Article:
Catfishes from the Doradidae family are known as the Thorny Catfishes, owing to the bony lumps that form thorny scutes along the lateral lines . Sometimes, they are also referred to as the Talking Catfishes, owing to the sound they make when they are caught. They can produce sound by moving their pectoral spine or vibrating their swim bladder.
Doradids have three pairs of whiskers compared to the usual four pairs in most catfishes and an adipose fin not present in some catfishes. They are endemic to South America and often exported to the Philippines. In the country, the more popular ones are the small 5-inch Striped Raphael Catfish (Platydoras armatulus) and the gigantic Ripsaw Catfish (Oxydoras niger), which reaches five feet in the wild.
Somewhere in the middle of the size range for Doradids is a thorny fat cat, the Granulated Catfish (Pterodoras granulosus). In the Philippine fishkeeping circles, the P. granulosus is also known by its Brazilian name of Bacu.
Only the Thorn Among Catfishes
The P. granulosus was first described by French zoologist Achille Valenciennes in 1821. His scientific study on the P. granulosus is sometimes shared with German naturalist and explorer Alexander von Humboldt because both worked together in many projects in the 1800s.
The etymology of Pterodoras comes from the Greek words pteron, meaning fin, and doras, meaning skin, in reference to its forked caudal fin. Granulosus is named after the nature of skin: “with granules.”
It hails from South America and is found in the Paraná and Amazon basin, as well as the coastal drainages of Suriname and Guyana. It is widespread throughout most of the larger river systems of South America.
The P. granulosus attains a very modest size of 28 inches (70 centimeters) and weighs about 14 pounds (6.5 kilograms). Because of the size it attains in the wild it, is considered a food fish and is often seen in fish markets. For the fishkeeper, this makes it an ideal monster fish worthy of being collected.
It has a rather big and bony head with small eyes set high on its head. It has three pairs of whiskers since the nasal whiskers are absent. There are no scales, but the skin is thick and tough and there are 25 to 30 thorny scutes along the lateral line on its sides, making it look like a prehistoric monster. Just before its forked caudal fin is a small and fleshy adipose fin.
Its color varies with age. Juveniles are generally brown to dark grey in color with lots of dark spots distributed throughout the body and fins. Adults lose this dotted pattern and acquire a uniform tone of olive green to dark grey.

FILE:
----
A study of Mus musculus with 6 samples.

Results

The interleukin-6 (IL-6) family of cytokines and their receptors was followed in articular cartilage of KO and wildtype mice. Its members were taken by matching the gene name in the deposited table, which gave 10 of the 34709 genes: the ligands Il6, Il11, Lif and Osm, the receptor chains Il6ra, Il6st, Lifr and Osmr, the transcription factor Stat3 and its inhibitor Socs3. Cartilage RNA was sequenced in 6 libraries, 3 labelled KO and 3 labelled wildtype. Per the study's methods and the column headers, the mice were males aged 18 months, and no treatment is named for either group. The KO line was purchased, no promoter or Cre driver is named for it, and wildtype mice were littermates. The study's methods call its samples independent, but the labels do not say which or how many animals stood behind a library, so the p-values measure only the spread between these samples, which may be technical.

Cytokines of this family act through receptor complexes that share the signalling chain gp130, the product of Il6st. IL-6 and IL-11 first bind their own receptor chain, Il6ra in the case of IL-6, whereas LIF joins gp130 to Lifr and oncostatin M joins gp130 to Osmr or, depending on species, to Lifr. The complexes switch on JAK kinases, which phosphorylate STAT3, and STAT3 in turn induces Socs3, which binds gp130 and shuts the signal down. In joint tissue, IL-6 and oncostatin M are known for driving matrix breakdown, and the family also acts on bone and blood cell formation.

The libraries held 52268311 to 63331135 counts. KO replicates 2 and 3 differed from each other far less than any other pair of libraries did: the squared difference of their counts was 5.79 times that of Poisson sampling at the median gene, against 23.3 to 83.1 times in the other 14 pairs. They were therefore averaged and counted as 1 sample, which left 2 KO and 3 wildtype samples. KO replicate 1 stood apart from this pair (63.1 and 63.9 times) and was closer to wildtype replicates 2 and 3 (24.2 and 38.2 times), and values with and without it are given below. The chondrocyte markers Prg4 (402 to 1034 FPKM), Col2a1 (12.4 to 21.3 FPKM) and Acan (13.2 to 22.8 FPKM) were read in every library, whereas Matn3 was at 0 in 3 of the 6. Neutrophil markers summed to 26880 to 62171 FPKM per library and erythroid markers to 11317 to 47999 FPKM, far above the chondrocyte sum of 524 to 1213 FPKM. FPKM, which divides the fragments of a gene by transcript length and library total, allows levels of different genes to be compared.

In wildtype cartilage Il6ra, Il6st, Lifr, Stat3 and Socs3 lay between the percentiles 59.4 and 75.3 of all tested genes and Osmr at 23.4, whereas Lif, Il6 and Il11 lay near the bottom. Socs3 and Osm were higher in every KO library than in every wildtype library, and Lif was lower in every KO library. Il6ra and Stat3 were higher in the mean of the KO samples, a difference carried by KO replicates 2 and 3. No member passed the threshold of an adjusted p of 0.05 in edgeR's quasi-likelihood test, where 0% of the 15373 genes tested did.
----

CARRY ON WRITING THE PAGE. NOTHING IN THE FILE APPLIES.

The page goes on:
There is no obvious external sexual dimorphism between the genders but it may be assumed that adults that are more heavily built or robust are females and the relatively slender ones are males. This may not be a reliable distinct feature to determine the sex since P. granulosus in general is wide bodied. There are also no known documentation of the fish ever been bred in captivity.
Keeping the P. granulosus in the aquarium is not a complicated matter. I feel that the only concern when keeping it is its size. Since it reaches 28 inches, it is a rather large catfish and everything else will have to be large. It will require a large tank. I believe for a catfish this big, a 200-gallon tank should be the minimum and anything bigger is better. Your large tank should be outfitted with a large filter system equipped with enough filter media and run by a pump with adequate flowrate. With such a set-up, your tank should be supported with weekly water change of about 30 to 40% to keep the water in optimum quality.
But that’s about the only difficult thing you will encounter with the P. granulosus. Everything else will come easy, maybe except for the fact that since it’s such a big fish, it has a matching appetite and thus feeding will require a big budget.
The easy part is that it is such an easy fish to feed since it is never choosy and will eat plant- or animal-based food. A true omnivore, it takes live or fresh food like shrimp, earthworms, mussels, squid, and fish and will gladly eat prepared commercial fish food. They will even munch on fruits and veggies. So long as it food fills up its big belly, it will never say no to food!
The P. granulosus doed not need extreme water parameters. It is perfectly fine with pH we normally have in our homes. A pH range of 6.4 to 7.6 is best for it. General hardness of slightly hard to hard is also good. Water temperature of 22°C to 29°C should also work well.
It is such a gentle giant that it generally poses no danger to any other tank inhabitants. It is never aggressive towards other fish, except those too small and are seen as food. They are good tank mates with other large catfishes, characins, cichlids, and other monster fishes.
Timid most of the daylight hours, it prefers to stay motionless at the bottom or partly hidden next to a large piece of wood, stone, or other décor. It is a nocturnal fish and will therefore be more active at night. It would be good to consider using subdued lighting rather than one with strong bright light.
P. granulosus catfishes are available in the country. They are now seen in some shops with more regularity than ten years ago. Stocks are not abundant and may be seasonal at best, but they are nevertheless available. Fishkeepers should take advantage of this because we will never know how long they’ll be in stock. Believe me, you will never regret having one because the P. glandulous is one gentle cat that is so easy to keep.
This appeared in Animal Scene magazine’s August 2018 issue.